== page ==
Blog written by Young Ambassador Katie O'Grady

The main aim of sustainable farming is to protect the environment, whist also seeking a reliable, profitable farm income. This practice will ensure the future of farming around the world, helping to maintain and improve soil fertility. It is suggested that we may only have 40-60 more harvests in the UK, if we continue to use our current farming techniques. [1] Therefore it is essential to improve the UK’s farming, working in harmony with nature.

Our current agricultural problems:

  1. Intensive farming:
    • The aim of intensive farming is to produce as much product (meat, dairy, eggs...) at the lowest cost.
    • It is linked to deforestation throughout the world, due to the need for high volumes of cheap animal feed.
    • Intensively produced meat can contain less vitamins and more unhealthy fats than those animals who are pasture fed, having health implications.
    • Intensive farms heavily rely on antibiotics and fertilisers. 30% of all antibiotics consumed in the UK are used on farm animals,[2] this is leading to antibiotic resistance, which is one of the biggest problems we are going to face in the 21st Century. With fewer antibiotics being effective, new antibiotics will need to be created, requiring lots of time and money.
  2. Pesticides and fertilisers:
    • Pesticides are used to kill any unwanted bugs from crops. However, although useful to increase crop yield, this may harm other key wildlife such as bees, a keystone species.
    • Humans rely on plant-pollinator interactions, such as those performed by bees, for one third of the food which we eat. [3] Without these key organisms much of our food today would disappear.
    • Fertilisers are used to add vital nutrients to the soil, which may be previously missing, enabling crops to grow faster. Too much synthetic fertiliser can lead to the pollution of local water sources, killing both fish and plants.

Suggested Solutions:

  1. Agroforestry:
    • 72% of land in the UK is currently used by farmers, [4] if we were able to combine this with forestry, the UK could have beneficial impacts towards the mitigation of climate change.
    • Trees can be grown within fields, not just on the edges. This could both provide shelter for livestock and act as a windbreak, improving crop productions by helping to reduce water loss.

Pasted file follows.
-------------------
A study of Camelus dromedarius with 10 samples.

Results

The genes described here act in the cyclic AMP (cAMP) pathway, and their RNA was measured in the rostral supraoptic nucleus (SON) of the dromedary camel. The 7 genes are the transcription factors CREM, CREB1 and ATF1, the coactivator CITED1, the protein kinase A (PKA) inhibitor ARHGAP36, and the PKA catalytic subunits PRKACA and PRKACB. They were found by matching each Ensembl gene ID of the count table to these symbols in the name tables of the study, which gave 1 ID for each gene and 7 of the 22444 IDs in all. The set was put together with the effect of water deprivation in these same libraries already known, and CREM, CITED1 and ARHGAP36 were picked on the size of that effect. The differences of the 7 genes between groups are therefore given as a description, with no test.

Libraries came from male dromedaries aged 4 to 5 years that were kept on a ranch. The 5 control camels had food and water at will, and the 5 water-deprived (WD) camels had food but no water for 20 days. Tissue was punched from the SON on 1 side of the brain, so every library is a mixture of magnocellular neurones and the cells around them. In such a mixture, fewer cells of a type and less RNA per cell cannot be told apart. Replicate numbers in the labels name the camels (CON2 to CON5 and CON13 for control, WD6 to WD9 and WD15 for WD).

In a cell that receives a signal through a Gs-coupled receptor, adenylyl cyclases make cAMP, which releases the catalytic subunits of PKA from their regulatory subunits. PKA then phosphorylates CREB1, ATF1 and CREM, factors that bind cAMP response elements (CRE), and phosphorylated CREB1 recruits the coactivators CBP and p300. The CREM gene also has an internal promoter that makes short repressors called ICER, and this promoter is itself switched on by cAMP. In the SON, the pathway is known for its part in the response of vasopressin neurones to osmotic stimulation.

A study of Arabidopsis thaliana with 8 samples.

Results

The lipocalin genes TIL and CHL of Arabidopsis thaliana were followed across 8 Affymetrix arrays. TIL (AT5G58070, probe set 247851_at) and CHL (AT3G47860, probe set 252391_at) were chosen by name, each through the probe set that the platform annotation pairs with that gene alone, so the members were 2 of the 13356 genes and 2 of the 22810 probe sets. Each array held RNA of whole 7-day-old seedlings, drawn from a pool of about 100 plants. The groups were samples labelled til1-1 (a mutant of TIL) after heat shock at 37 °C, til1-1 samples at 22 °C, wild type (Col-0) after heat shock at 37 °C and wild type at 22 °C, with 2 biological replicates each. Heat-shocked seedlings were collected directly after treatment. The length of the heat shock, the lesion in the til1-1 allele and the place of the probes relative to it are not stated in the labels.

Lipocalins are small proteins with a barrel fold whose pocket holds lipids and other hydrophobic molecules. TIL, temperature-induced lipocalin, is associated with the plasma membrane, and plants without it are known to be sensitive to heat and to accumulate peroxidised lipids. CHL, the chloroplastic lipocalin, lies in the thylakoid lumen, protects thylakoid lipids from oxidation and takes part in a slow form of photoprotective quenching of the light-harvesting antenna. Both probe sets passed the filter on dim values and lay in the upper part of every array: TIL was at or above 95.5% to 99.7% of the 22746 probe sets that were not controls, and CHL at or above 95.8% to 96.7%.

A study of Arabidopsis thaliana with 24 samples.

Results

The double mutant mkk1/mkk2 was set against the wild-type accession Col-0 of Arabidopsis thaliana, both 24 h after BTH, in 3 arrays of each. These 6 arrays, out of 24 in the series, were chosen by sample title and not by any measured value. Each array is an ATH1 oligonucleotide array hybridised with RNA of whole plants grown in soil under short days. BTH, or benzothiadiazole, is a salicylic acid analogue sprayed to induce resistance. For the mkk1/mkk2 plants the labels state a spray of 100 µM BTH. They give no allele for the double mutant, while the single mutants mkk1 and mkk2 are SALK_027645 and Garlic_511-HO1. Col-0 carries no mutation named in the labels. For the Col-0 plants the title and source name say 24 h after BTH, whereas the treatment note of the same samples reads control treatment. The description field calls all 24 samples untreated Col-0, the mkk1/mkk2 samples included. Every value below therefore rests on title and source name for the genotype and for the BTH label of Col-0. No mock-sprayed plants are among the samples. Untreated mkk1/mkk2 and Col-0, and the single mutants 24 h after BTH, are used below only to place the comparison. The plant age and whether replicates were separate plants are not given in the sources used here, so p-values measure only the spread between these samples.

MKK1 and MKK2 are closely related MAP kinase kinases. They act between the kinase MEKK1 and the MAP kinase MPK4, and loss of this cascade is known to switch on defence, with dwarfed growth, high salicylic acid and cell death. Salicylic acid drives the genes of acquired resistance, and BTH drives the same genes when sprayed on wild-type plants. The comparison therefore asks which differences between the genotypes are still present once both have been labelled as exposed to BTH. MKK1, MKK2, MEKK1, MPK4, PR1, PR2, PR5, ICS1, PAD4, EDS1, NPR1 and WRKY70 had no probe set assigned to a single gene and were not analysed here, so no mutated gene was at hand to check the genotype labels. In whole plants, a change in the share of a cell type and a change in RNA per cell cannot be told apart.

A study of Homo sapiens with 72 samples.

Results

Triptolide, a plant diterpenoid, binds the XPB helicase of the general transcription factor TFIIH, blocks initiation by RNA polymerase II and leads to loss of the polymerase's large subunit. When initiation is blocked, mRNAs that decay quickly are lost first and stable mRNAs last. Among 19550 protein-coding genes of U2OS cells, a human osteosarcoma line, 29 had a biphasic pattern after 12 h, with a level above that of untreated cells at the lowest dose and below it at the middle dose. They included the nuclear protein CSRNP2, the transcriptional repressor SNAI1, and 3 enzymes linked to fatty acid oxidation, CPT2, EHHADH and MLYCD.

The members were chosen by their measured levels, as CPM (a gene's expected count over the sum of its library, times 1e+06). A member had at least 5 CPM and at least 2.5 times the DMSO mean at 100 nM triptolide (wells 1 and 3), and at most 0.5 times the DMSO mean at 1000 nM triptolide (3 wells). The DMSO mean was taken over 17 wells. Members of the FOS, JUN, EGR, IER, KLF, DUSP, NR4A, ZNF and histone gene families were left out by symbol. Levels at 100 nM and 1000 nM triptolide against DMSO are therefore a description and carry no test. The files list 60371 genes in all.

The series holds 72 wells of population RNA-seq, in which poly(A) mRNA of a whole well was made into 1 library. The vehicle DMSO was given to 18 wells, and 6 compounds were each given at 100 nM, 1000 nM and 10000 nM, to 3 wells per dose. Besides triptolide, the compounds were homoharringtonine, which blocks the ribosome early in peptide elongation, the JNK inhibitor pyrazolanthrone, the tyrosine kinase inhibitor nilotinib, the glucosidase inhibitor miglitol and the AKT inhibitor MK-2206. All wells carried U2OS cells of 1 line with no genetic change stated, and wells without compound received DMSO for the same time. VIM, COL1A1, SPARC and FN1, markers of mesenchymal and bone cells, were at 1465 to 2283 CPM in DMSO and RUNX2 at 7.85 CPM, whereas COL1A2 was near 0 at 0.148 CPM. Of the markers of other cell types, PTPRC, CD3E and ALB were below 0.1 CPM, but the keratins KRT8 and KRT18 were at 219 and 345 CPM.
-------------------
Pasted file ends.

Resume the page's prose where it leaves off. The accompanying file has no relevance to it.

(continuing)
2. The organic system:
    • This aims to produce high-quality food using methods that will benefit the agricultural system in the future.
    • Fewer pesticides are used, aiming to enhance the natural balance between plants and animals.
    • The organic system uses no artificial fertilisers, has higher animal welfare standards and no routine use of antibiotics.

UK countryside stewardship schemes are currently available to reward farmers who sustainably manage their land and livestock helping to protect the local biodiversity.

Agroforestry

Agroforestry in the UK.[5]

Therefore, although our current system does not seem sustainable, many farmers are already employing these suggested solutions, helping to reduce our agricultural footprint whilst also being rewarded for their environmental practices.

References

[1] “Why”. Beaver Trust. https://beavertrust.org/index.php/beavers-build-climate-change-and-extinction-resilience/. Accessed 24 Feb. 2022.

[2] “Food production and sustainable farming”. Friends of the Earth. https://friendsoftheearth.uk/sustainable-living/food-production-and-sustainable-farming. Accessed 24 Feb. 2022.

[3] C. Landry. “Mighty Mutualisms: The Nature of Plant-pollinator Interactions”. Nature Education Knowledge 3(10):37, 2010. https://www.nature.com/scitable/knowledge/library/mighty-mutualisms-the-nature-of-plant-pollinator-13235427/. Accessed 24 Feb. 2022.

[4] Ibid.

[5] “Agroforestry On Your Farm”. Soil association. https://www.soilassociation.org/farmers-growers/technicalinformation/agroforestry-on-your-farm/. Accessed 1 Mar. 2022.